In the last few texts I've drawn your attention to the fact that WordPress can be quite demanding CMS when it comes to the amount of consumed resources of the server it runs on. If you use your own dedicated server or VPS, it is not as important as it is in the case of sites hosted on shared hosting.

Fortunately, there are ways to increase site performance, reduce loads, database queries, etc... All we need to do is use caching plugins. The two most popular are W3 Total Cache i WP Super Cache. Both give a lot of possibilities, because apart from the caching mechanisms they allow to integrate a website with services such as CDN (Content Delivery Network), and, as it is the case with W3 Total Cache, they offer mechanisms minifying and compressing files sent to the browser. Of course, there are many more advantages of these solutions, but in order to fully exploit the potential and possibilities of the mentioned plugins, we need to have appropriate knowledge so that we can properly configure the plugin. Incorrect configuration in some cases may not give the expected results at all. So it is a kind of obstacle, especially for those who have no idea what the configuration options are used for, and the nomenclature that can be found there makes your head spin. From my personal observation and experience there is one more important thing. The mentioned plugins work well not only when we know how to use them in a particular case, but they work much better on complex websites, and even better if those websites are hosted on our own dedicated server (or VPS), where we have full control over the environment configuration.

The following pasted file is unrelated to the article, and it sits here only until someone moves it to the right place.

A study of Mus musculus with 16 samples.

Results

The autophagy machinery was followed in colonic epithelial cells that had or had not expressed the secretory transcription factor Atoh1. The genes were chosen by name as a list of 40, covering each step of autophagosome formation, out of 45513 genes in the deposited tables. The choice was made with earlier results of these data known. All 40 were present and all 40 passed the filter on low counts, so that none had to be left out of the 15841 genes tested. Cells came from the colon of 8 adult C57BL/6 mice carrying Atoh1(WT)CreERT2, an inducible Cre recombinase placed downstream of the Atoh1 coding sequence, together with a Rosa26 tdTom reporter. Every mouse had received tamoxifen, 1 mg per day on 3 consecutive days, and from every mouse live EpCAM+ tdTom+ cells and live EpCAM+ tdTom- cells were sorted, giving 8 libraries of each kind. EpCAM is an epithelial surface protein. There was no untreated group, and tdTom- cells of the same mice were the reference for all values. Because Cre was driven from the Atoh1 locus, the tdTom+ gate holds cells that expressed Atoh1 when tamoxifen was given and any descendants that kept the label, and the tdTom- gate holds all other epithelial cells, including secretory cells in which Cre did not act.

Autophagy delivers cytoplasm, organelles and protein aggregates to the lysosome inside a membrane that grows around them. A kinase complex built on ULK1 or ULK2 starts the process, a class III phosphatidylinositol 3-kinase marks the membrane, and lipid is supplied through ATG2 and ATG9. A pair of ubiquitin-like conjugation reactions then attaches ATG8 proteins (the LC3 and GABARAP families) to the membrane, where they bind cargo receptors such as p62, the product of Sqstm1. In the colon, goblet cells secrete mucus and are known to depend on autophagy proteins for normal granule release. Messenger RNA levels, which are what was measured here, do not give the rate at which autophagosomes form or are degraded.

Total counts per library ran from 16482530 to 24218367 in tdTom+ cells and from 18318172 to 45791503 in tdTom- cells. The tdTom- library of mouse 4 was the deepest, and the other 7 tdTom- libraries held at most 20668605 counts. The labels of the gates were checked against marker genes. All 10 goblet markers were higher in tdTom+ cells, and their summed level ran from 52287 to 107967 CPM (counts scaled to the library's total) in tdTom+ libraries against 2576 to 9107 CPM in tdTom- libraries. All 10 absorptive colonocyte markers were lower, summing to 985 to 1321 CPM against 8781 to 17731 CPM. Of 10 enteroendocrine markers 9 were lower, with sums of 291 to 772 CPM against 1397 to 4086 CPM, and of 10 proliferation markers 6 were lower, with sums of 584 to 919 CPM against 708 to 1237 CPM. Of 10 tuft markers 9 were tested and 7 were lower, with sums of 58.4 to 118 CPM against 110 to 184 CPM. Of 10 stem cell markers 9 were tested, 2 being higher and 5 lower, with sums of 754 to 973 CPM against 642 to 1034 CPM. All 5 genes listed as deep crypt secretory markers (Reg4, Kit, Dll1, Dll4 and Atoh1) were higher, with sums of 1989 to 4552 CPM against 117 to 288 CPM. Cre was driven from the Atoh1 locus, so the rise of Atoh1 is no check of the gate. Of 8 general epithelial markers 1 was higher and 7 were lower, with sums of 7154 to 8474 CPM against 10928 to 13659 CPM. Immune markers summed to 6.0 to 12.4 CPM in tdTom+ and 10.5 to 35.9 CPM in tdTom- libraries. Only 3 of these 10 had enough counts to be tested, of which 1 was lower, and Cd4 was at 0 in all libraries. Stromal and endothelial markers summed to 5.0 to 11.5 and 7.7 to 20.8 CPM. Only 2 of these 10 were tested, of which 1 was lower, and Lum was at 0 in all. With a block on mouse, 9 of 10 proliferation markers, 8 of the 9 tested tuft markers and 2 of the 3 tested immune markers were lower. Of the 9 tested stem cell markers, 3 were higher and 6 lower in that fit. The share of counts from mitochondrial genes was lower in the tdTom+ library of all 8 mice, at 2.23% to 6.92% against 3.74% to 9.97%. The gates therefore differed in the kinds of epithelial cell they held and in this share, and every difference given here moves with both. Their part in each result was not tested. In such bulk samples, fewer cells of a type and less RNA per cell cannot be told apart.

So what do I suggest for small sites?

Here, too, we have several options, starting with one of my favourite plug-ins Wordfence through Quick Cachewhich I use (sometimes together with Wordfence) on many small and medium-sized projects.

Quick Cache is a small size script that works very well for smaller projects implemented on WordPress. Using it on shared hosting services has often given better results than W3 Total Cache or WP Super Cache. The plugin is very easy to configure, which basically comes down to enabling or disabling selected options (there are literally several of them). So it will not cause problems for beginners. A bit more features can be found in the Pro version, for which you have to pay $15, e.g. the ability to compress html, js and css files or the automatic page caching engine, but even then it remains an extremely simple tool to configure.

I encourage you to test this plugin. In the free version it works perfectly on small websites and what interests us most can give them a considerable acceleration.



  1. I also believe that small sites should use Quick Cache.